Indonesia’s Security Minister Wiranto was attacked by a knife-wielding man with suspected links to the Islamic State terrorist group, the police said.
Wiranto, a former military chief who uses only one name like many Indonesians, was stabbed twice by the assailant near his vehicle after visiting an Islamic boarding school at Pandeglang in the province of Banten west of Jakarta on Thursday. Wiranto, who was flown to the capital, was in a stable condition and set to undergo surgery, President Joko Widodo told reporters after visiting the minister.
Two other people, including a police officer, were also injured in the attack, Dedi Prasetyo, a spokesman for the National Police said, adding the police have also detained a woman suspected to be an accomplice of the assailant.
Jokowi, as the president is known, ordered the police and the intelligence agency to take action against all the networks involved in the attack.
Indonesia’s State Intelligence Agency chief Budi Gunawan identified the attacker as a man known as Abu Rara, and said he had ties to local terror group Jamaah Ansharut Daulah. The group was founded by Abu Bakar Bashir, the mastermind of the deadly bombings in Bali in 2002, and has pledged its allegiance to Islamic State.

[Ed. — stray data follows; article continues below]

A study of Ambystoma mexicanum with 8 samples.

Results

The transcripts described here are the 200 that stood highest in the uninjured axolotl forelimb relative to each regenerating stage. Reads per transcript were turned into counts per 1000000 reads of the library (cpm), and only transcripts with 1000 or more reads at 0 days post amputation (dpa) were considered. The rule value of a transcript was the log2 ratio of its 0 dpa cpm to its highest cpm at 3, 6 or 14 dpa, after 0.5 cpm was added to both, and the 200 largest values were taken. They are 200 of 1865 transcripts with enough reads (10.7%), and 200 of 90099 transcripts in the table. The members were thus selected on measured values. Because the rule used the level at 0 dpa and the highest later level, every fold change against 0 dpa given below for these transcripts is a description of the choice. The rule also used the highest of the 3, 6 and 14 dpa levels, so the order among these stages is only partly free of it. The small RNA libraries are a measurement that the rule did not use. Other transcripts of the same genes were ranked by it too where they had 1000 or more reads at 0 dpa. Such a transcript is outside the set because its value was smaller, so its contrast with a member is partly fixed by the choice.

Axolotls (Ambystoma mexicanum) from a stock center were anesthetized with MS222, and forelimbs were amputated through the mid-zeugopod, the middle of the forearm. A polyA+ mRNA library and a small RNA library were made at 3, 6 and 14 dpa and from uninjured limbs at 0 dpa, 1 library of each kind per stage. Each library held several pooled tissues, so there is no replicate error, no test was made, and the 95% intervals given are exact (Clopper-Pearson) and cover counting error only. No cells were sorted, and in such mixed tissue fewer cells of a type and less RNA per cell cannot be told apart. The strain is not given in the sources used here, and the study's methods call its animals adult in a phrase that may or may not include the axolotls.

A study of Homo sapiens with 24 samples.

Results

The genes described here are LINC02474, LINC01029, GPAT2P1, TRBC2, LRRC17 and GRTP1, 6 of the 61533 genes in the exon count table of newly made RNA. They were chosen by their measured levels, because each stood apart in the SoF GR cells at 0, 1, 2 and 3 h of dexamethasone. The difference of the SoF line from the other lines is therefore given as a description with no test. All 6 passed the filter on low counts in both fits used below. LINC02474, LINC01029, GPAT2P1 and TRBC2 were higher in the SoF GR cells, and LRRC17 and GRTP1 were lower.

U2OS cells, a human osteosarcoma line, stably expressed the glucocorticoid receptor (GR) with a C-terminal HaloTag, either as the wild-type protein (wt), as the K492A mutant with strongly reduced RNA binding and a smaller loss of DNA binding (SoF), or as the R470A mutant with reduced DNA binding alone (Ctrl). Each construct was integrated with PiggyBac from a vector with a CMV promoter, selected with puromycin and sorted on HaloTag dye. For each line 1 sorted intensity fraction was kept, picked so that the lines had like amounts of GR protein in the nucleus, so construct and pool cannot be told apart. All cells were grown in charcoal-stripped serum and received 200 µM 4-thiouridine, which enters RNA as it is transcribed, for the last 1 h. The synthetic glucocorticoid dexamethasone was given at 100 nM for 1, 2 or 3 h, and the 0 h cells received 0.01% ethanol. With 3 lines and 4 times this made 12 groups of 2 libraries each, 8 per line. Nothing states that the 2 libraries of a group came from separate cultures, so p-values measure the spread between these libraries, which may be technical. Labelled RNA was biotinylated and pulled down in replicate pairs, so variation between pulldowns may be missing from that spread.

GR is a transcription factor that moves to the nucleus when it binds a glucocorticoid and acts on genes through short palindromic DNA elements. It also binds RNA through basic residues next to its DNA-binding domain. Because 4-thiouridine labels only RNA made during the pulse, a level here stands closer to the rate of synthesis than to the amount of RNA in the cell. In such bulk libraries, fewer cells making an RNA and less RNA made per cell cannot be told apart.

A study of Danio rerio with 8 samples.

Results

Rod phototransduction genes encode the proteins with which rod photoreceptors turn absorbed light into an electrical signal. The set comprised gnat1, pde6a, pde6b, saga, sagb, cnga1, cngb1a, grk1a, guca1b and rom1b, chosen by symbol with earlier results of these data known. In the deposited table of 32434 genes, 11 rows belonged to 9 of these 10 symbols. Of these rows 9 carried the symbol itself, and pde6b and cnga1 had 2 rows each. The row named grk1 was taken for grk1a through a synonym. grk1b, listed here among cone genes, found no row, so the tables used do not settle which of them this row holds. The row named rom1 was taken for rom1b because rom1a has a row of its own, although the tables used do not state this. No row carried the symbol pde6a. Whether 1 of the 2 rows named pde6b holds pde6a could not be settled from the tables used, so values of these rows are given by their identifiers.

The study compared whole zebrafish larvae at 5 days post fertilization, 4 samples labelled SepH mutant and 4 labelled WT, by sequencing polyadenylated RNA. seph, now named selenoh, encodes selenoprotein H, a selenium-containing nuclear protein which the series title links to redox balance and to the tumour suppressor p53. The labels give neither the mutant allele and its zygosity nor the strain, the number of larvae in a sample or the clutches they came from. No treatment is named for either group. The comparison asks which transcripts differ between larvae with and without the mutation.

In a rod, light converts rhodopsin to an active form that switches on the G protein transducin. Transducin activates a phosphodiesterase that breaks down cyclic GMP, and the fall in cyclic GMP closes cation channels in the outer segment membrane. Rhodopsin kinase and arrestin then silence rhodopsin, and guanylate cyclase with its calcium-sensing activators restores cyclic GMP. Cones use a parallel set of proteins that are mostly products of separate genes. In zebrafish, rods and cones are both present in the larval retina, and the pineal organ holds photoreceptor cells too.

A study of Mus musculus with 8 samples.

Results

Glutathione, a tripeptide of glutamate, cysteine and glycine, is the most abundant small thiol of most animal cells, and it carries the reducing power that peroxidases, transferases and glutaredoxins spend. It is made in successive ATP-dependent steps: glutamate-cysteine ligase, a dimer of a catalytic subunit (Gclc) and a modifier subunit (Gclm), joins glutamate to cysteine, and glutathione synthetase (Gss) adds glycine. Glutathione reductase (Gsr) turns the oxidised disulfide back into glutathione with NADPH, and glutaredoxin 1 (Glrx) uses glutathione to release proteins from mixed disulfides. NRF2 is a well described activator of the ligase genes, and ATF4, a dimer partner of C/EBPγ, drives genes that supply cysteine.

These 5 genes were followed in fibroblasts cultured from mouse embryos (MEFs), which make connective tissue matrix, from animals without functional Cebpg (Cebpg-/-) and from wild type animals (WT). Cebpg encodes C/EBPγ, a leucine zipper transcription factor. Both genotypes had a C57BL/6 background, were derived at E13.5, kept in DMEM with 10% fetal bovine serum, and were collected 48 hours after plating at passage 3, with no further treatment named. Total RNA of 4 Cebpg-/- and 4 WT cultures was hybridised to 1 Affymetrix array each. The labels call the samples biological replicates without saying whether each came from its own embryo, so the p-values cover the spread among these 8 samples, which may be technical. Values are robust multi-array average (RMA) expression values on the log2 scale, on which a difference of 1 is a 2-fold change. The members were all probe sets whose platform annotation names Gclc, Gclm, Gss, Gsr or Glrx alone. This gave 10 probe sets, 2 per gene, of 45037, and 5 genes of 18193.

Investigators had detected some of the attacker’s activities and the police were preparing to arrest the rest of the network, Gunawan told reporters.
Indonesian’s counter terrorism unit Densus 88 was also assisting police with the investigations. Indonesia, the world’s most populous Muslim country, has been the target of a string of terrorist attacks in recent years by extremists inspired by Islamic State.
Police arrested several people, including a university lecturer and retired navy officer last month, over a plot to detonate explosive devices at several locations around Jakarta. They allegedly planned to set off bombs to incite unrest in the lead-up to the swearing in ceremony for Jokowi’s second five-year term on Oct. 20.
In May, police said they had arrested dozens of militants linked to Islamic State who authorities suspected were plotting attacks on political rallies. Militants also launched a wave of attacks, including bombings of churches in Surabaya, the country’s second largest city, in May last year. The attacks killed more than 30 people and prompted the Indonesian parliament to pass tougher anti-terror laws.
Terror attacks in Indonesia in recent years have been more often carried out by smaller cells, families as well as the so-called lone-wolves, making it difficult for the police to detect them, said Stanislaus Riyanta, a Jakarta-based intelligence and terrorism analyst.
“The security forces need to be vigilant” against similar attacks in the coming days as radical groups may turn to violence “for the sake of their ideology,” he said.